Reggie’s father had died soon after losing his sight. As Reggie’s sight deteriorated, he feared the same thing would happen to him, before he’d passed on his knowledge to the next generation.
As one of the traditional owners of Uluru and an Aboriginal elder, Reggie knows how vital it is to share his knowledge to preserve important Indigenous culture. However, his sight was failing him.
So Reggie travelled to Alice Springs for one of The Foundation’s week long intensive surgery sessions for people in remote areas of Australia. With several issues in both eyes, Dr Tim Henderson, the ophthalmologist who treated Reggie, had to carefully weigh up what procedure he should perform.
Reggie was developing a cataract. If left untreated, this would grow and he’d eventually go blind in that eye. Reggie’s other eye had trachoma and urgently needed an eyelid operation. Trachoma causes the eyelashes to grow inwards and is extremely painful. The eyelashes scratch the eye, causing ulceration and scarring of the cornea – which leads to irreversible blindness if untreated.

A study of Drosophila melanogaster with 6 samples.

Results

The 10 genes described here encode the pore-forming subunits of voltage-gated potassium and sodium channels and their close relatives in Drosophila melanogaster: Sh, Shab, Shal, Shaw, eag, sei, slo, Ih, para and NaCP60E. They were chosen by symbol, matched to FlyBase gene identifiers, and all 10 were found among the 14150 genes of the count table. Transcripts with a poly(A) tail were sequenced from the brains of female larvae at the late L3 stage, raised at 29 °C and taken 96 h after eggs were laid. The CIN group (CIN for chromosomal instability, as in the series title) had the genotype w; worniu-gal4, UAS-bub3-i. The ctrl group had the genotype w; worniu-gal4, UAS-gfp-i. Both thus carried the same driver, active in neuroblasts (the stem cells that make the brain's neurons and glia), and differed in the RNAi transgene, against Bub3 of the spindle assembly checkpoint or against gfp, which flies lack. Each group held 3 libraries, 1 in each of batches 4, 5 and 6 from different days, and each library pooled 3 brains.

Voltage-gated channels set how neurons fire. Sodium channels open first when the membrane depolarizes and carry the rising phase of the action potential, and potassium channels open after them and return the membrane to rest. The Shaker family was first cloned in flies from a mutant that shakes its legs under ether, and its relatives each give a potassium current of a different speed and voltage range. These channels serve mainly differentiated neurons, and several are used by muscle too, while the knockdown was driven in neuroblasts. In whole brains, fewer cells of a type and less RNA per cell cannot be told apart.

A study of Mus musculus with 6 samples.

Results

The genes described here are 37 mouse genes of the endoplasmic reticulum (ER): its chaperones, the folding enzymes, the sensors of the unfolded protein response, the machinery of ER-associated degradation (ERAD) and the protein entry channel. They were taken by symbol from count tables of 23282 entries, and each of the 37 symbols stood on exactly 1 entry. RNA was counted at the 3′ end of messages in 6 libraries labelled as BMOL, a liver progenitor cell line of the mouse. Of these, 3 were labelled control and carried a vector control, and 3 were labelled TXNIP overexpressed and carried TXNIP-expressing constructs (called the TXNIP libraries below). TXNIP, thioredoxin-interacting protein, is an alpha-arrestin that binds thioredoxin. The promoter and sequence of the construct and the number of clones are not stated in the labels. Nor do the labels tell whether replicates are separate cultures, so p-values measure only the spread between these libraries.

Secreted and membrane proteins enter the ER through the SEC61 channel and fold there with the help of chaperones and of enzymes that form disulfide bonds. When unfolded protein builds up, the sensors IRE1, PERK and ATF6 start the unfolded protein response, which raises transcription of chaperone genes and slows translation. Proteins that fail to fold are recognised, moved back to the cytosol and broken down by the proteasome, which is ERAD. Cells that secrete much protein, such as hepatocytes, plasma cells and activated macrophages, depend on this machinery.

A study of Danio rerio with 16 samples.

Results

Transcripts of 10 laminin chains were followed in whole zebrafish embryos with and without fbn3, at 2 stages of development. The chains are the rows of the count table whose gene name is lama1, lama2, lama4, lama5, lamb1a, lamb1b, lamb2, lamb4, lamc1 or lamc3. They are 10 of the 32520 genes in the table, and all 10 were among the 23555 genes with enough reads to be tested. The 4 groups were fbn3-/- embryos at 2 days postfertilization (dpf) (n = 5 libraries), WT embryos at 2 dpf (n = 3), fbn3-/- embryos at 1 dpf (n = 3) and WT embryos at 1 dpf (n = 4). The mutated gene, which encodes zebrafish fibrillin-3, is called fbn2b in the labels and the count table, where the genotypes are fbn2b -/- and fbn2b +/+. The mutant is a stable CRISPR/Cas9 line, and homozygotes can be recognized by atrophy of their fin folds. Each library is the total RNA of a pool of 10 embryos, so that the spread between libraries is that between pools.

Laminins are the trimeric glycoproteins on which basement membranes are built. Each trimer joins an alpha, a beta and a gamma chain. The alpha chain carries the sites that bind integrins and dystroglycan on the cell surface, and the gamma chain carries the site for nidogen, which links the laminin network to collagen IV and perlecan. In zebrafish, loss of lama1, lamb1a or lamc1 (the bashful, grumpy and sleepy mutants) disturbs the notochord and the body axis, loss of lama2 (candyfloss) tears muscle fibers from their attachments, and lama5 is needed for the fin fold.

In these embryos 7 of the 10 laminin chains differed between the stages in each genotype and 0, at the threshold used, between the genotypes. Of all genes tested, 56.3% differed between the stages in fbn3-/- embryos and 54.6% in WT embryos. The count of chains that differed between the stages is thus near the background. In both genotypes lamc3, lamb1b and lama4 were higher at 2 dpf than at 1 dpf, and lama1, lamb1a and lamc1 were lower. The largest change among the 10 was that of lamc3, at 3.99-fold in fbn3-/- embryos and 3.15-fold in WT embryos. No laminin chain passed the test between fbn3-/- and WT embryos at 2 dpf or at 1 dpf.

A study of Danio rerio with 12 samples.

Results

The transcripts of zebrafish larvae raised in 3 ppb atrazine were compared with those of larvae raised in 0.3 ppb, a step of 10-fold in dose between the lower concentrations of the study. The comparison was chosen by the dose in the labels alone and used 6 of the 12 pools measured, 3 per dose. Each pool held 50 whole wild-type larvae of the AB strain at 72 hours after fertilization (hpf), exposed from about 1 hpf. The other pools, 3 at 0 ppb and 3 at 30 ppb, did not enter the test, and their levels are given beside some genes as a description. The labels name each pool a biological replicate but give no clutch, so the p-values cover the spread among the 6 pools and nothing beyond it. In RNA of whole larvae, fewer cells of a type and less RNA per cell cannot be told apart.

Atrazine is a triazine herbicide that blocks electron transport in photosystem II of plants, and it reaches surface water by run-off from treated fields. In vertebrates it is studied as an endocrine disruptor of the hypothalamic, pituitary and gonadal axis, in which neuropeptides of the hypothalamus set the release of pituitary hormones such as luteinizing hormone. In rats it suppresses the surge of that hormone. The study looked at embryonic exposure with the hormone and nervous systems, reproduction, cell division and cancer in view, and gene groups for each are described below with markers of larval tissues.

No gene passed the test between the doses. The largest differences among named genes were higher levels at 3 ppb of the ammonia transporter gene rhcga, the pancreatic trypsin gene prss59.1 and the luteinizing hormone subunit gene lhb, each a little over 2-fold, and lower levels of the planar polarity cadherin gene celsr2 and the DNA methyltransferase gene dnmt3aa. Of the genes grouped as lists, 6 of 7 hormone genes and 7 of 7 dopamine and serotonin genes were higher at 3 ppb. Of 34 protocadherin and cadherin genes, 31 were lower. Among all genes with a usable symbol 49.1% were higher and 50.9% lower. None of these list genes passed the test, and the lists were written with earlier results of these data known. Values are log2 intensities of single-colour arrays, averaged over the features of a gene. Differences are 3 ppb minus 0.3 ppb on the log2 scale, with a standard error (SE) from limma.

If Dr Henderson did both, Reggie would be out of action for a while.
The patients you are restoring sight for are often responsible for passing on all the men's business, women's business and maintaining Aboriginal culture. If they can't see to do that they can't show important areas and sites.
- Ophthalmologist, Dr Tim Henderson
Dr Henderson decided to treat Reggie for trachoma first; however, the operation wasn’t simple as Reggie’s condition was very advanced – almost beyond treatment. In city hospitals, 1 in 50 cases are as difficult as Reggie’s. But in remote Australia, it’s 1 in 5.
The day the patch came off, a big grin spread across Reggie’s face. Fortunately, the operation went well and his eye recovered.